Public Education: Why it Should be Treasured

Picture of Diane Ravitch

Diane Ravitch

Picture of Diane Ravitch

Public education is one of the foundations of our democratic system of government. The public schools in every community are supported by local taxpayers, the state, and the federal government, because all of us have a direct interest in having an educated populace. Ninety-five percent of public schools are overseen by an elected school board. We pay taxes to support public schools even if we have no children; even if our children are no longer enrolled in school; even if our children attend nonpublic schools. We have a civic obligation to support public schools as we support other public services, including police, firefighters, roads and highways, public beaches, and public parks. We do not have a civic obligation to support private security guards, private swimming pools, and private modes of transportation. 

The public schools have been at the center of major social and cultural conflicts. They have served as engines of progress. Thanks to action by federal courts, the movement to end legal segregation began with the public schools and eventually spread to other institutions across American society. The movement to provide bilingual services to students spread to other institutions that served their parents and grandparents. The movement for gender equality took root in public schools. The movement to include students with disabilities as full participants began in the public schools. 

The goal of public schools is to equip children and young people with the knowledge and skills to sustain our democratic society. We expect the schools to prepare young people for life, for higher education, and for the workplace. Public schools bring together children from different backgrounds, who learn together and learn from one another. 

The Founding Fathers endorsed public schools in the Northwest Ordinances, which set aside land for public schools before they existed. They understood that a democratic polity needed an educated populace. 

Public schools belong to the community that supports them. They must make provision for every child who enrolls. Unlike voucher schools and private schools, they are bound by anti-discrimination statutes. Unlike charter schools, they cannot choose the students they won’t and reject those who are difficult to educate. 

For the past decade and more, public schools have been the target of a rightwing effort to discredit them as “failing” and turn public funding over to private corporations and schools. The critics claim that students must leave public schools to get a better education at privately managed charter schools or at religious and private schools.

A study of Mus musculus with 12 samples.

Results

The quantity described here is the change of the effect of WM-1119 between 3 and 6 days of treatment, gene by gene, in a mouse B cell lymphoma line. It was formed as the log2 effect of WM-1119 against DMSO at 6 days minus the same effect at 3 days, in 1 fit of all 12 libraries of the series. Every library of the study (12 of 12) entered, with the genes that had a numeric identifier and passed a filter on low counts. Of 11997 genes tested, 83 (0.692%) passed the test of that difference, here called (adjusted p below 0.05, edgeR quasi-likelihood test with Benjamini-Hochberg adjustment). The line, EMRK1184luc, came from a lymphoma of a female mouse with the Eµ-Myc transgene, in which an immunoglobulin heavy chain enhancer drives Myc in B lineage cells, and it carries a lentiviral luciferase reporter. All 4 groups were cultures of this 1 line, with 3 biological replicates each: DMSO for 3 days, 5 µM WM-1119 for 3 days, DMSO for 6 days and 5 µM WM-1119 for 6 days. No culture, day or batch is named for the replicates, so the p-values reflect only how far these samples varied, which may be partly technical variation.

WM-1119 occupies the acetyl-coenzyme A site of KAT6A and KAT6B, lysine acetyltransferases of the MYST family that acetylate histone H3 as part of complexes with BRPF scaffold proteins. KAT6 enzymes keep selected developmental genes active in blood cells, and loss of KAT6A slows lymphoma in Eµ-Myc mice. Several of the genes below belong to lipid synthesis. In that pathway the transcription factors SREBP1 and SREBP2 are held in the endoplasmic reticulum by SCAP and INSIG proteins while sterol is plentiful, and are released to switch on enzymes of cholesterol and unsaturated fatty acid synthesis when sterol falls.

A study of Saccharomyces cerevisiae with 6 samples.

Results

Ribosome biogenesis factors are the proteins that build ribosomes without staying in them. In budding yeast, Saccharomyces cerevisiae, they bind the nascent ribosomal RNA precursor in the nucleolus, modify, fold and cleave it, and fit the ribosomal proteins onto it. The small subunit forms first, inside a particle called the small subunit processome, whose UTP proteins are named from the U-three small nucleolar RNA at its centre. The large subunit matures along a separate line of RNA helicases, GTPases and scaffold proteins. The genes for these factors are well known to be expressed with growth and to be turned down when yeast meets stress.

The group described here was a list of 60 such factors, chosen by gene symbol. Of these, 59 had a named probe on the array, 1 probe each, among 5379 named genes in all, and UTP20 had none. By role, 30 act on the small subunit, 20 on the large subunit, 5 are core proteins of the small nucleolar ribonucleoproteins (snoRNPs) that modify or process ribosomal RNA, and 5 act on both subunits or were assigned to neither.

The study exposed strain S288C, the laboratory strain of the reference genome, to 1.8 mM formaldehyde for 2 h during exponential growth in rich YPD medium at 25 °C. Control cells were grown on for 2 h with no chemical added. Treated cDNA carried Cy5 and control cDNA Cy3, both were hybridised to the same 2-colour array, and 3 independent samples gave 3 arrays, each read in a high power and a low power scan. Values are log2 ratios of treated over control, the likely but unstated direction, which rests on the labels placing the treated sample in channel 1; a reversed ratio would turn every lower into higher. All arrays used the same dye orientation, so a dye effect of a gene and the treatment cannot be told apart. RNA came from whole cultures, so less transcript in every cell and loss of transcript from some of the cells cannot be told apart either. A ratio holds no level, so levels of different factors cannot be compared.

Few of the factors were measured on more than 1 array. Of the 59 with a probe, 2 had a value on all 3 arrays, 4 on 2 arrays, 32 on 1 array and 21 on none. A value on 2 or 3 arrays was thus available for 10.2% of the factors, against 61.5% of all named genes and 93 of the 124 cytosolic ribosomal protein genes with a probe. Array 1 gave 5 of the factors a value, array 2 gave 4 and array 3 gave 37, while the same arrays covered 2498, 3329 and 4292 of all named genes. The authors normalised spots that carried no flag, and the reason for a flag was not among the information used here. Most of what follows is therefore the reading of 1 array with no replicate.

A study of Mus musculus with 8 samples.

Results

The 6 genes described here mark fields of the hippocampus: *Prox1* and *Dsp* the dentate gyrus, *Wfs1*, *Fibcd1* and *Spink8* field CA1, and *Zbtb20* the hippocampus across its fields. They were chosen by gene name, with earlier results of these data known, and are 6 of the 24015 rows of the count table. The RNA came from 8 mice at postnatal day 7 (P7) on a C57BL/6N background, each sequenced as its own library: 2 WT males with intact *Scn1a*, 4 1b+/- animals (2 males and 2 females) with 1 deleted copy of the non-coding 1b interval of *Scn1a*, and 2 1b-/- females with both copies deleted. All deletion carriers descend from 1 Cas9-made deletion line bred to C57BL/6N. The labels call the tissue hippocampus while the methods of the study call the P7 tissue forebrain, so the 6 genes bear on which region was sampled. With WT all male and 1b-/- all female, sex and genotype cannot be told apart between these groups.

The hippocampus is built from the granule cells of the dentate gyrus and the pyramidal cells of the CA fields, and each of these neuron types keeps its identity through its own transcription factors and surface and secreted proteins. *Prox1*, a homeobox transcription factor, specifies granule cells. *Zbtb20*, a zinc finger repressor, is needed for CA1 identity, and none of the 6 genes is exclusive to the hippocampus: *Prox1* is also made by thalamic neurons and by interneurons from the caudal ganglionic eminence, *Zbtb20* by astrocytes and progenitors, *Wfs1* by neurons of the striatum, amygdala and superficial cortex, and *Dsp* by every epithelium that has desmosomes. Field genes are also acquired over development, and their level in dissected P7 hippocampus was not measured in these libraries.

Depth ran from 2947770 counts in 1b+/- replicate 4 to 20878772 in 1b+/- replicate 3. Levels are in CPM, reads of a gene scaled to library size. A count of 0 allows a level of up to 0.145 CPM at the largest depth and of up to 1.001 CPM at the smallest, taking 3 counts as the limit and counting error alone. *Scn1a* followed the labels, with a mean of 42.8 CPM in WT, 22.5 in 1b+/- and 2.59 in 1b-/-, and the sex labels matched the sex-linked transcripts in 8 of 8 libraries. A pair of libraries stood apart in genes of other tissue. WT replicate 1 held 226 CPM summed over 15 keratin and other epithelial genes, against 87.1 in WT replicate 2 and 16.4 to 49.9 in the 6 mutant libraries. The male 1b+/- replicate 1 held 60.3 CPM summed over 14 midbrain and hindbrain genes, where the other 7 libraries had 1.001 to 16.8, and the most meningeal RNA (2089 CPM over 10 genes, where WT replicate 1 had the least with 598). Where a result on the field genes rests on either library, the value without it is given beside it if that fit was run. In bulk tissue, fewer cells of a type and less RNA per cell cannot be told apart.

Over the past three decades, as privatization has spread, we have learned that privatization does not lead to better education. Independent research has shown that students in voucher schools fall behind their peers who remain in public schools. Students in charter schools get about the same academic results, on average, as their peers in public schools even though the charters choose their students. Online charter schools consistently get very poor performance and are no substitute for a good public school.

The critics have designed a propaganda campaign to blur the line between public schools and private schools, including charter schools, which are seldom subject to public supervision and accountability. 

Public schools are the heart of their community. After years of neglect, they need a significant public investment, not billionaire-funded schemes to drain students and resources away from them. They need adequate and equitable funding to meet their goal of providing equality of educational opportunity. Many need capital improvements. All need experienced teachers; small class sizes, especially in the districts with the highest needs; libraries staffed by librarians; school nurses; guidance counselors; psychologists; social workers; well-equipped labs to teach the sciences; and up-to-date technology.

Our public schools are part of our democratic heritage. They educated 90 percent of the American people. They unify communities instead of dividing them. They must not be outsourced to for-profit corporations, corporations led by non-educators, or other unaccountable, unsupervised entities. They belong to the public and must remain accountable to the public.